IN RE: David P. WEAVER, Jr., Respondent. A Member of the Bar of the District of Columbia Court of Appeals (Bar Registration No. 427688).
This reciprocal disciplinary matter stems from respondent David Weaver's voluntary resignation from the California Bar while a disciplinary investigation following a felony conviction was pending. Specifically, respondent was convicted in a California Superior Court on February 16, 2006, of conspiracy to commit the unauthorized practice of law. Respondent reported the conviction to the District of Columbia Office of Bar Counsel in accordance with D.C. Bar Rule XI, § 10(a), and Bar Counsel reported the conviction to this court. We issued an order on August 8, 2006, imposing an interim suspension and referring the matter to the Board on Professional Responsibility (“Board”) to determine the final discipline to be imposed and to review the elements of the offense for the purpose of determining whether or not the crime involved moral turpitude within the meaning of D.C.Code § 11-2503(a) (2001).
Thereafter, respondent voluntarily resigned while disciplinary proceedings were pending, and the California proceedings were held in abeyance until such time as respondent applies for reinstatement. Respondent is precluded from seeking reinstatement for a period of five years. Once Bar Counsel learned of the resignation and reported it to this court, we issued a second suspension order on August 21, 2007, and directed the Board to recommend whether identical, greater, or lesser discipline should be imposed as reciprocal discipline or whether it would proceed de novo. See D.C. Bar R. XI, § 11.
The Board recommends that we impose functionally equivalent reciprocal discipline of a five-year suspension with a fitness requirement. Bar Counsel does not take exception to the Board's Report and Recommendation, and respondent has not opposed the imposition of reciprocal discipline.1 Considering the heightened deference this court gives to the Board's recommendation in cases such as this where no exceptions are filed, see D.C. Bar R. XI, § 9(g)(2); In re Delaney, 697 A.2d 1212, 1214 (D.C.1997), we adopt the Board's recommendation. See In re Winston, 917 A.2d 629, 631 (D.C.2007) (“while identical discipline is not available in this case since our rules do not allow an attorney to resign while charges are pending, ․ we have nonetheless held that a five-year suspension with fitness is appropriate reciprocal discipline in such circumstances” (citations omitted)); In re Cater, 887 A.2d 1, 24 (D.C.2005) (requiring “clear and convincing evidence that casts a serious doubt upon the attorney's continuing fitness to practice law” to support imposition of a showing of fitness). The Board also recommends that the pending referral for a moral turpitude determination should be dismissed as moot. See In re Gailliard, 944 A.2d 1109, 1112 (D.C.2008); In re Rostoker, 918 A.2d 425, 426 (D.C.2007). For these reasons, and since nothing in the record indicates that such discipline is inappropriate, see D.C. Bar R. XI, § 11(c), we hereby adopt the Board's Report and Recommendation. Accordingly, it is,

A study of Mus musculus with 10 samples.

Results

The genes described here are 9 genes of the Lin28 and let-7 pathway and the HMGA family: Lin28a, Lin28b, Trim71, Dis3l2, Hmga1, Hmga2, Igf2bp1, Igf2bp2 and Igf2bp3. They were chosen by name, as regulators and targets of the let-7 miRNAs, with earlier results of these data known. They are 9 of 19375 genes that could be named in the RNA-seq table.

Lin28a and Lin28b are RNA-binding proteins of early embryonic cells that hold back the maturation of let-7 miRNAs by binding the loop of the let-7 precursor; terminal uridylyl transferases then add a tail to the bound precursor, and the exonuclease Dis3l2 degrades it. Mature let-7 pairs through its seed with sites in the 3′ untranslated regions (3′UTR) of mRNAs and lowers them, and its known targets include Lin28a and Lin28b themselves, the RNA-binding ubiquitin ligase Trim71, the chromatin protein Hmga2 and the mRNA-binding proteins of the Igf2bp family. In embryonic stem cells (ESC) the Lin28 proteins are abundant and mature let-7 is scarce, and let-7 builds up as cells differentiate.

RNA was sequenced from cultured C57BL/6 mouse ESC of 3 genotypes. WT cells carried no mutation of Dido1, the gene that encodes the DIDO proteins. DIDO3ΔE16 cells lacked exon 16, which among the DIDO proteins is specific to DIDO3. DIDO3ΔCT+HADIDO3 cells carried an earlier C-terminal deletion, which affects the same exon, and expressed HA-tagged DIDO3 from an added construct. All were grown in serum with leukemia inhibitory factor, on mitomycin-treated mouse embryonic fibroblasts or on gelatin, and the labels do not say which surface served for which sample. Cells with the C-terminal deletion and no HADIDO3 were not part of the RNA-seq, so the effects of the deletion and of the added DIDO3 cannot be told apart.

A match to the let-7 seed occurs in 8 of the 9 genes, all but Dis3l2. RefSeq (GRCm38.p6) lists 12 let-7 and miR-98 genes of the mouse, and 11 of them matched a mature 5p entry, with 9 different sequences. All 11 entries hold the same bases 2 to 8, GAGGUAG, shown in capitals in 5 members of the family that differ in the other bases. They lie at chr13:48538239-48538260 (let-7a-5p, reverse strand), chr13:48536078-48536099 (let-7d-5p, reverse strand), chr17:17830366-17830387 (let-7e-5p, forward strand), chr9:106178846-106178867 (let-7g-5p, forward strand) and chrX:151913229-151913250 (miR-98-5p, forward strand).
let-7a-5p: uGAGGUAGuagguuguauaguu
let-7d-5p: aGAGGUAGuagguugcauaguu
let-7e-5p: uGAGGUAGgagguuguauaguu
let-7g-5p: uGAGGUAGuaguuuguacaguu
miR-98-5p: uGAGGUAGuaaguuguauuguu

ORDERED that David P. Weaver, Jr., is suspended from the practice of law in the District of Columbia for the period of five years. Reinstatement in the District of Columbia is conditioned on demonstration of fitness to practice law in accordance with D.C. Bar R. XI, § 3(a)(2). The referral for a moral turpitude determination is hereby dismissed as moot. Respondent has not filed the affidavit required by D.C. Bar R. XI, § 14(g), and we direct his attention to the requirements of that rule and their effect on his eligibility for reinstatement. See D.C. Bar R. XI, § 16(c).2
1. Respondent has filed notices purporting to show that his felony conviction was reduced to a misdemeanor and that he later was allowed to withdraw his plea of nolo contendere and to enter a plea of not guilty. He also represents that the court dismissed the case against him and released him from all penalties and disabilities pursuant to California Penal Code § 1203.4(a). However, respondent has not suggested that these developments call the Board's recommendation into question or affect our authority to impose reciprocal discipline. Regardless of the current status of his criminal conviction, the fact remains that respondent resigned from the California Bar while disciplinary proceedings were pending.
2. Respondent represents that he will be eligible to apply for reinstatement to the California Bar on April 22, 2011. He also reminds us that we suspended him on an interim basis on August 8, 2006, and objects that if we now impose a five-year suspension, he will be suspended in this jurisdiction for a longer period than he will have been suspended in California. If that proves to be true, it will be a consequence of respondent's failure to file the affidavit required by D.C. Bar R. XI, § 14(g). Our order imposing the interim suspension specifically directed respondent's attention to the provisions of D.C. Bar R. XI, § 14(g) and § 16(c), but he did not file the required affidavit. Under these circumstances, his suspension cannot be imposed nunc pro tunc. See In re Hines, 867 A.2d 963, 965 (D.C.2005).